Partnership_

Shaping the future of STEM with Kookaberry

Primary school teachers in Australia have a new secret weapon
The AustSTEM Foundation has created a primary STEM learning platform and ecosystem to allow teachers to embed digital technology into all subjects.

In Australia, the requirement to incorporate digital technologies into the classroom has increased focus on computer science, computational thinking, and other areas not previously taught until senior secondary programs, if at all.

The National STEM School Education Strategy agreed by Australia’s state education ministers in December 2016 specifies:

  • Goal 1: Ensure all students finish school with a strong foundational knowledge in STEM and related skills.
  • Goal 2: Ensure that students are inspired to take on more challenging STEM subjects.

The introduction of digital literacy curriculum into primary schools reflect the changing requirements for success in today’s digital world, but resources for teachers are not evolving as quickly.

Primary school teachers have always been “jacks-of-all-trades” as contrasted to their more specialised secondary teacher counterparts.  

The AustSTEM Foundation created the Kookaberry to tackle some of the challenges primary teachers face and to help them teach the new Technologies curriculum with confidence.

The Kookaberry is designed to make things easier for teachers and to ensure digital technology can be integrated into all subjects.

Examples of Kookaberry microchips

Introduction to the Kookaberry

Kookaberry FAQ

The Kookaberry is a digital technology solution to a current pedagogical problem. Current digital technology tools such as the RaspberryPi, Arduino or Micro:bit are excellent for teaching digital technology in secondary schools. However, they require programming in order to deliver learning activities other than coding, which takes time and skill that many primary teachers may not have.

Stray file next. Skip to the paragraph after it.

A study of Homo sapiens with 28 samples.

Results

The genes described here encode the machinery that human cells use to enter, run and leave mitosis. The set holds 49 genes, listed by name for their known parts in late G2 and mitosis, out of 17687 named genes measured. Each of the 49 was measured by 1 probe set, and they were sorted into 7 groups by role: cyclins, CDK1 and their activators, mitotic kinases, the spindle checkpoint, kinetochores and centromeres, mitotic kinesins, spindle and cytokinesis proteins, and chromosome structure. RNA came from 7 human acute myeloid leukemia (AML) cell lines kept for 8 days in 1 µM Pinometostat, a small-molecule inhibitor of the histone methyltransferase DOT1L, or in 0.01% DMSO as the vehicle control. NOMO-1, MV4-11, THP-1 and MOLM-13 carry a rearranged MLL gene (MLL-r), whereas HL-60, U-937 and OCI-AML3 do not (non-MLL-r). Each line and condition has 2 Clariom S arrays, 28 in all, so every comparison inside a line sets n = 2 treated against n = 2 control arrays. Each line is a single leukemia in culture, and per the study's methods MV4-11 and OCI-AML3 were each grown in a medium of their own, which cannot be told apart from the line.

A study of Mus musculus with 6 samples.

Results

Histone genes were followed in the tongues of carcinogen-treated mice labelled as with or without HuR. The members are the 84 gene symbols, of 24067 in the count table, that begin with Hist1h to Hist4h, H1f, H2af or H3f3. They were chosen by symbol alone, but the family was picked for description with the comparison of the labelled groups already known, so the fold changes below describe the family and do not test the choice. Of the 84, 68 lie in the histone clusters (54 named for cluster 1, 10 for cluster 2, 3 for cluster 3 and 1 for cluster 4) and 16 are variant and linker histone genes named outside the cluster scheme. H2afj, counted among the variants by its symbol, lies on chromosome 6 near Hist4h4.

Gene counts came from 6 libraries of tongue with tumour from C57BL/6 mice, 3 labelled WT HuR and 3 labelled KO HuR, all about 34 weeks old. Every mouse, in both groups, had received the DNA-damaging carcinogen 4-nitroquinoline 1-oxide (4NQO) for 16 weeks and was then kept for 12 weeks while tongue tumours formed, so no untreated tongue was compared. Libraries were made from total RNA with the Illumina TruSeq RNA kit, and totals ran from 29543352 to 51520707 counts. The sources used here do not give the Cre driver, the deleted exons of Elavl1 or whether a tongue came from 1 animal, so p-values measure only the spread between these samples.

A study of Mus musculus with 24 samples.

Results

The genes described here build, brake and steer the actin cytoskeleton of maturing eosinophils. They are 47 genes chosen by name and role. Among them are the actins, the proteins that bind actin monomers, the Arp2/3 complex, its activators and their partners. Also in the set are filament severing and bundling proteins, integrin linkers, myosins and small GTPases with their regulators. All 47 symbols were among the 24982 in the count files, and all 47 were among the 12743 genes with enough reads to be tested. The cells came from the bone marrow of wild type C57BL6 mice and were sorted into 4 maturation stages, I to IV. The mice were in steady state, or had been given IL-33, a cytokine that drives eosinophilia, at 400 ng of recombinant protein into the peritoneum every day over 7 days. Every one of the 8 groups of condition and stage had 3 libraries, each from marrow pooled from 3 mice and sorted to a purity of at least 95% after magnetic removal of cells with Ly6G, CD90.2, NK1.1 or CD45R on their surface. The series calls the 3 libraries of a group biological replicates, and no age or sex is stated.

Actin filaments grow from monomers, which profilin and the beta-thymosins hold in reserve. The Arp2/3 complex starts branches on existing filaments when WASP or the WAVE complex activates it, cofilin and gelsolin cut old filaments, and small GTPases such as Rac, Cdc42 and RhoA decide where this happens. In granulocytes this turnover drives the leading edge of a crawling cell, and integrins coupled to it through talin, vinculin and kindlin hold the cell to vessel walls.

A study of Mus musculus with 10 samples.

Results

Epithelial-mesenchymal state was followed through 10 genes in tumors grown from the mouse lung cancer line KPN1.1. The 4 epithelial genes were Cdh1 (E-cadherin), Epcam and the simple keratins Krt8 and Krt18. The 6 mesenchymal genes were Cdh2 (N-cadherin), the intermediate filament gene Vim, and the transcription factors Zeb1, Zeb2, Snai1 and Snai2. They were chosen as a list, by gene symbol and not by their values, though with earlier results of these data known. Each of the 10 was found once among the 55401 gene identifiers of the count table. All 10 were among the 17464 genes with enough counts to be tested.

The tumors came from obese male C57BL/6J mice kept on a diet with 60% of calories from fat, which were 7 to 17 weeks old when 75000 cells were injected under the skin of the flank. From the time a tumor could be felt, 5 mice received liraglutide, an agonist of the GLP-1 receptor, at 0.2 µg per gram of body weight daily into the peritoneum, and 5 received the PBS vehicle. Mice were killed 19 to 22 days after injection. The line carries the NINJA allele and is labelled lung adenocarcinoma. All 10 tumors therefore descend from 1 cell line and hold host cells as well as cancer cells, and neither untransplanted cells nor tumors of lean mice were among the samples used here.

The Kookaberry uses a wide selection of plug-and-play sensors, indicators and control elements. Simple menus navigate pre-programmed on-board applications. Independent of Wi-Fi and the internet, the unit is fully self-contained. The device engages both students and educators directly with science, technology, and mathematics.

The Kookaberry is a tool to bring real-world data and experiences into project-based learning throughout the primary curriculum. Its open-source technology is compatible with Arduino and the Micro:bit. 

The Kookaberry bridges the gap between the current digital tools on the market and the need for digital technology education in primary grades. It is useful and simple to use and can enhance primary teaching across the entire curriculum. 

The Kookaberry can function as a variety of different learning tools. It can be a digital thermometer, motion detector, clock, music generator, and can run classic games such as space invaders or pong. One of the most powerful features is its MicroPython on-board code editor, which allows teachers and students to modify the Kookaberry’s capabilities directly.

The current target price is under $30 for a large quantity manufacturing run of this Australian designed device in Australia.

Teachers can use the Kookaberry to meet curriculum standards for almost every subject. Within the digital ecosystem of the Kookaberry, there are many lesson plans to make learning easy and fun.

With the help of the Kookaberry, primary school students can answer questions such as:

  • What is a digital system?
  • What are networks?
  • What is data?
  • What is the goal of coding?
  • What is the relationship between inputs and outputs?

Active science and technology instruction improves children’s performance in STEM subjects. The Kookaberry can be used without lengthy programming and set-up time enabling digital technology to be integrated into more subjects, supporting teachers with new possibilities to meet curriculum requirements.

The challenges facing the world are creating demand for a new generation of engineers, scientists, and STEM-literate citizens. Understanding the basics of the scientific method, having a comfortable fluency with numerical data, and mastering simple programming are skills within the reach of primary students.

These skills are increasingly relevant with the rapid evolution of technology globally. In order to keep up, STEM education must start in the primary years.

The AustSTEM Foundation is conducting privately-funded trials of the Kookaberry in primary schools in NSW and in a University School of Education. The foundation intends to raise the funds to make it freely available to all Year 5 children across Australia in 2020.